Shalom Life | April 28, 2014

EXCLUSIVE: Adam Zucker’s ‘The Return’ Explores Jewish Culture in Modern Poland

The New York based documentarian seeks to dispel common myths perpetuated by North Americans about Judaism in Poland.

By: Anthony Marcusa

Published: April 23rd, 2013 in Culture » Film » Interviews

Imagine being Jewish. Imagine wanting to express your faith and revel in your culture. Now imagine having no idea how to do that, and no place to start.

This is the unique reality in Poland today, where among a new generation, teenagers and young adults are slowly learning that they are in fact Jewish, but have no foundation from which to proceed. Many grew up Catholic, without access to their Jewish lineage, with an ancestry that either left Poland or has died. It is the subject of filmmaker Adam Zucker’s documentary The Return, a project that follows the lives of four young women who are both Jewish and live in Poland today, a combination that is quite an oddity.

His first trip to Poland in 2009 proved rather telling. Seeking to understand a renewed Jewish spirit in Poland, Zucker encountered two instances in Warsaw and Krakow that compelled him. In both cities he met a small Jewish community looking to socialize and celebrate, but was unable to do so simply because they knew not of Jewish history, customs, or experiences.

“I was meeting people that really wanted to be Jewish and had no idea what that meant,” he explained during a phone interview from his home in New York City. “They were, they discovered, Jewish, and that meant something. They just didn’t have access to go about doing anything.”

“It shocked me. People really wanted to do something and didn’t know what to do, it was really profound and very moving.”

As the Jewish community was small, it became relatively easy to meet Jews and share stories. Continued trips to Poland earned Zucker the trust of those he wanted to document, all of whom ended up being women. “There were interesting, compelling, dynamic men, but I met many more women that fit that description, and it didn’t seem like a coincidence” he explains. “Traditionally, it’s fair to say, in Judaism men have had the power positions, and so a focus on women would be more interesting.”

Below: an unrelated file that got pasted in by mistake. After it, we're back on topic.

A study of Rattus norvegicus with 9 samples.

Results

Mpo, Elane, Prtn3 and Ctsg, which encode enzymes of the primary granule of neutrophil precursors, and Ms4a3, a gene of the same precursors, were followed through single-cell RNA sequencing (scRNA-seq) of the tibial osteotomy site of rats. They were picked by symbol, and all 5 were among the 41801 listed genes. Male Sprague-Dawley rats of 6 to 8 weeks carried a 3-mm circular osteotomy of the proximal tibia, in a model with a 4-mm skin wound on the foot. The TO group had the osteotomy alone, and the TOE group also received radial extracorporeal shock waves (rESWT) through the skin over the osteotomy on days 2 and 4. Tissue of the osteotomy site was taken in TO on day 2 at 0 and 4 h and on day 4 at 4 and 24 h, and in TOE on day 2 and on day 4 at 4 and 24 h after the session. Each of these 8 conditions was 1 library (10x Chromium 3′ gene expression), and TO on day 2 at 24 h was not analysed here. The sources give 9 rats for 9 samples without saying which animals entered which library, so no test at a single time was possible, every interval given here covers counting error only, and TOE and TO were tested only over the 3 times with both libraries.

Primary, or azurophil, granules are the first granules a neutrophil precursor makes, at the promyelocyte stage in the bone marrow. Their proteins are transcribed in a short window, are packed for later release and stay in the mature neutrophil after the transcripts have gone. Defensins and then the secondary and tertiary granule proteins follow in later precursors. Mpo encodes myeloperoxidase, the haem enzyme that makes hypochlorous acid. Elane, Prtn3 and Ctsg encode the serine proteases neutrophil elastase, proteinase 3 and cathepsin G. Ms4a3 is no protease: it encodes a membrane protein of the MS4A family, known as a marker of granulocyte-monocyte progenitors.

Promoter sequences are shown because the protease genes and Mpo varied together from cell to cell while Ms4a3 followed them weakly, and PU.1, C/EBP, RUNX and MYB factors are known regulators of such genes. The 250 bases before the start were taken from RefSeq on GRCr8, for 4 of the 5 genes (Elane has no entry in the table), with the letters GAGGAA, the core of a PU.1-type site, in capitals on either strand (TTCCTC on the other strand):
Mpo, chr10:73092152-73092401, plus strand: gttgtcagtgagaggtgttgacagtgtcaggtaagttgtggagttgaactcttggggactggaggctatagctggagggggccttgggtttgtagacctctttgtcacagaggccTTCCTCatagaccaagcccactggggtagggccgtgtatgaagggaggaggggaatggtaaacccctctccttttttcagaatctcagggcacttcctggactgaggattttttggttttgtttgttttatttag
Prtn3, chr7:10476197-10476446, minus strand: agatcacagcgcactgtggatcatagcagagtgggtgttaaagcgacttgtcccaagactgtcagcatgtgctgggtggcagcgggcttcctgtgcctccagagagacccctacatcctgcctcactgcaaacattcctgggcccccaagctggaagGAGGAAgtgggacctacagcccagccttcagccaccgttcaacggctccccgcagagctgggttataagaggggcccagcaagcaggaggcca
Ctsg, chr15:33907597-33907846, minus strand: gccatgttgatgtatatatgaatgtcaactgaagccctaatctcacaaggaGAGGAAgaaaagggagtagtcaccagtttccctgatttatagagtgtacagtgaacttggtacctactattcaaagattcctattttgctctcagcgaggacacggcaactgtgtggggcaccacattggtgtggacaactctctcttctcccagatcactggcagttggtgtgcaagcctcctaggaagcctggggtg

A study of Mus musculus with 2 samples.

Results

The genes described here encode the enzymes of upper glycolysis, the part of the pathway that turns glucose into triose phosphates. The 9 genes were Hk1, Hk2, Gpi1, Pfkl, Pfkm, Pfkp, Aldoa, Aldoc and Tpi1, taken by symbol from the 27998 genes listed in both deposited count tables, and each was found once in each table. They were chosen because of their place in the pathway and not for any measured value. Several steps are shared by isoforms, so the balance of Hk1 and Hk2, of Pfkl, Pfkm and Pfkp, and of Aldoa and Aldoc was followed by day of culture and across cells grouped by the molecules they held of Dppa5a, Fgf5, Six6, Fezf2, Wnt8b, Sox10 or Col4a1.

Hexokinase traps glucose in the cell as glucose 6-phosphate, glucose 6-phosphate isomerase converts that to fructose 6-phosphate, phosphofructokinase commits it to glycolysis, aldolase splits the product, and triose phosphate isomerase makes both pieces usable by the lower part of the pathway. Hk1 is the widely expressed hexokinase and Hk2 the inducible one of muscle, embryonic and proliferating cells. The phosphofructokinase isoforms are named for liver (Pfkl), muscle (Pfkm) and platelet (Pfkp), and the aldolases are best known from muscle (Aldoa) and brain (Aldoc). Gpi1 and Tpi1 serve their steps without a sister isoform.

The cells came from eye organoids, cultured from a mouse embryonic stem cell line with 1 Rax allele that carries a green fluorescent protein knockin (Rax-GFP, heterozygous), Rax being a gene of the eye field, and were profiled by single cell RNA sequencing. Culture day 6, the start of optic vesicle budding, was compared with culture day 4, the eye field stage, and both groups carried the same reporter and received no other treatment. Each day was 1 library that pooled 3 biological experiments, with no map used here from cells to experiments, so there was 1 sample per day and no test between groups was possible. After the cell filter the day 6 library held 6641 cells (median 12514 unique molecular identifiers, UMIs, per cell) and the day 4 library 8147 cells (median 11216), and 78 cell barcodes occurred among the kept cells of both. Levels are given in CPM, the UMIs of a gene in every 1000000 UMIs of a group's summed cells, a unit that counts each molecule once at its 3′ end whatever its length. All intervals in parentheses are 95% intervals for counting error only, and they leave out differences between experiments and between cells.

Zucker immediately realized a few evident truths that are contrary to beliefs in North America, and while he tells the stories of the young women, he sought to dispel myths that were instantly proved wrong. Through firsthand experience, he argues Poland is not in fact one of the most anti-Semitic places in the world, that there are indeed Jews living in Poland, and that the country’s relationship with Judaism exists beyond just being a cemetery for those killed during the Holocaust.

“American Jews are fairly uninformed about what is going on in Poland, and they have a very fixed image, locked into what happened from 1939, and for reason,” he says. “These mythologies I too had more or less in my head,” but they are very clearly wrong, as Zucker understood right away.

“Ultimately it’s a film about what it means to be Jewish in Poland.”

It’s also a film that has yet to be finished. Having wrapped nearly all of the shooting (there is perhaps one more quick trip left), Zucker has taken to the online fundraising group Kickstarter to supplement the cost for editing and post production. With just under two weeks to go as this writing, Zucker has eclipsed the two-thirds marker and looks to achieve enough backing to make a film he looks forward to showing to a North American audience. Four years in the works, his film that is one about people, as opposed to ideas, is nearing completion at a curious time, just as Poland observes the 70th commemoration of the Warsaw Ghetto Uprising, one of the holiest days of the year.

Find out more about The Return here or contribute to the film’s Kickstarter here.